There has been much in the press highlighting the disgraceful conditions, lack of care, and in too many cases, abuse of the elderly. Families believe they are handing over their frail relatives to responsible professionals who will provide care and protection, when they can no longer remain independently at home.
In years gone by, care of both the very young and elderly, was a family matter. This was a time when extended families of at least three generations, lived under one roof. An arrangement which provided family support, and which should once again be considered and made possible.
Today few young couples can afford the deposit to get them on the housing ladder. Statistics show the average person will not afford their own home until they are in their forties.
The cost of affordable care for the elderly is extortionate. Savings and homes are depleted and sold, if they have them. The burden of care is falling on the state, and numbers rise as do health issues.
It is time to rethink house building. Planners must review and question developer’s designs of small houses with small rooms. Show Homes are now furnished with specialist bespoke mini furniture, giving a false impression of size and space.
New developments both large and small, should include homes with a ground floor ‘granny flat’, and a separate annex, which could either be let to help with costs, or house offspring when they first set up home.
The extended family should be re-established as the norm, but this will not happen without government intervention and sensible local planning.
In the long run a change of policy will save billions of £s in reduced social care for the elderly and child care. It will also keep families together. Relatives can be on hand to help, making it easier for family members to work and socialise.
Families are increasingly isolated with little support for young families. Keeping them close would help them to save, and perhaps salvage marriages which today are floundering due to stress. One parent families are not an ideal environment to raise children. Family values and traditional care must be reintroduced, and I believe such affordable and supported housing schemes are the way forward.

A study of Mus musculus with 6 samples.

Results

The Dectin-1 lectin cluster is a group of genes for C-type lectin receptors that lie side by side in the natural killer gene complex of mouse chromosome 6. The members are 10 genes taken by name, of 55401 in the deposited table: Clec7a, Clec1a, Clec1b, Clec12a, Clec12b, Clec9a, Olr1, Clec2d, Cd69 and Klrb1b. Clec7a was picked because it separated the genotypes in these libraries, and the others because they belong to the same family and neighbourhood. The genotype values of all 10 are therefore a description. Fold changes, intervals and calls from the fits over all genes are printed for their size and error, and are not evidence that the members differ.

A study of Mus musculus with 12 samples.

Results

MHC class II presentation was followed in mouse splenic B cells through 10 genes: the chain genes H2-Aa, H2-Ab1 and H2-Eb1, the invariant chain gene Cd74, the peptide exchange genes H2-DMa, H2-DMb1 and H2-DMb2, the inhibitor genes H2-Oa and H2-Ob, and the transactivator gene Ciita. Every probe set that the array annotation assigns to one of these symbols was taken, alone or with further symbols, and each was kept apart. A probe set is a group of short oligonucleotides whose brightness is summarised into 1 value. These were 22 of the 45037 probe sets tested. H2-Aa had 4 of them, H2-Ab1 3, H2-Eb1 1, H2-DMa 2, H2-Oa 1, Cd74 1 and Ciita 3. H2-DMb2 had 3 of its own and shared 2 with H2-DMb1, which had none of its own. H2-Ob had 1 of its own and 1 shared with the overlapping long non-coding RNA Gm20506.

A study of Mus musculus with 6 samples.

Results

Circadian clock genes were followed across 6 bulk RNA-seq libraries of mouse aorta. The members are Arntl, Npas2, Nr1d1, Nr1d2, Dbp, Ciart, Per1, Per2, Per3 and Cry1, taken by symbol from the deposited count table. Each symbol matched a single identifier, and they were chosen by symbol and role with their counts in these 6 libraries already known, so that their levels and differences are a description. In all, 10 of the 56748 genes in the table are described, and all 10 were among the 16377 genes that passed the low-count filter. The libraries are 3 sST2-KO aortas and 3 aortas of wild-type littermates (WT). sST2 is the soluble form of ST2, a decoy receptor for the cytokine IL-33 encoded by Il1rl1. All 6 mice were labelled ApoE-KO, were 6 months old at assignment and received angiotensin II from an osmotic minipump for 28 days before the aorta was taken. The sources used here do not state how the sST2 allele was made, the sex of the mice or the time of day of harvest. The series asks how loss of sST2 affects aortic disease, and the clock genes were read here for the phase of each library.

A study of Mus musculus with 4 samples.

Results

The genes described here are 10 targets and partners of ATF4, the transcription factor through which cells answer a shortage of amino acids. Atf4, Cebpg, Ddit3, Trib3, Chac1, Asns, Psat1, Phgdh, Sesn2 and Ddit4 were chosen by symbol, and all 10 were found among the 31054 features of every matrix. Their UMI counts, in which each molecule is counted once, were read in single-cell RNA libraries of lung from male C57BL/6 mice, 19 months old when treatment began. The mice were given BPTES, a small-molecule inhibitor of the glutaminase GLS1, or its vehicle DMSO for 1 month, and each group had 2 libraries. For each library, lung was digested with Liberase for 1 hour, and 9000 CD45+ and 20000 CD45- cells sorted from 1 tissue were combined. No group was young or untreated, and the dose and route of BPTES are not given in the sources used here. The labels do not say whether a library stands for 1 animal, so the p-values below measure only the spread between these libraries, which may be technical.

It is a puzzle why the police considered two mature ladies in their 70s to be a threat to the public. They tried in vain to prevent the Lime trees in their street being felled by the council, for dubious reasons. Why it took 12 officers to arrest this harmless pair at 5am, and lock them up for 8 hours is a puzzle. Particularly considering the guys who climbed Nelson’s column, causing considerable damage with their tackle and crampons, were let off with a caution.
Nigel Farrage deserves an Honour, but would he wish to rub shoulders with many of the Peers in the Upper House? Thanks to Tony Blair and latterly David Cameron, since 1997 the benches have been crammed with mediocre, ill equipped, and in many cases useless individuals, most of whom are motivated by party politics.
Prior to the culling of the majority of ‘hereditary’ peers in 1999, by the introduction of the House of Lords Act, the red benches were on the whole, occupied by honourable, a-political, and decent people, who had the best interest of the nation at heart.
It is regrettable that Mrs May has decided to scrap Lord Strathclyde’s suggested reforms. Now is the time to start a dramatic cull, particularly of those who bought their seats.
Jeremy Clarkson and his fellow Mustang-eers, have created a riotous success with the Grand Tour. And with this triumph they have delivered a resounding 3 fingers to their former over politically correct bosses at the BBC. Good for them.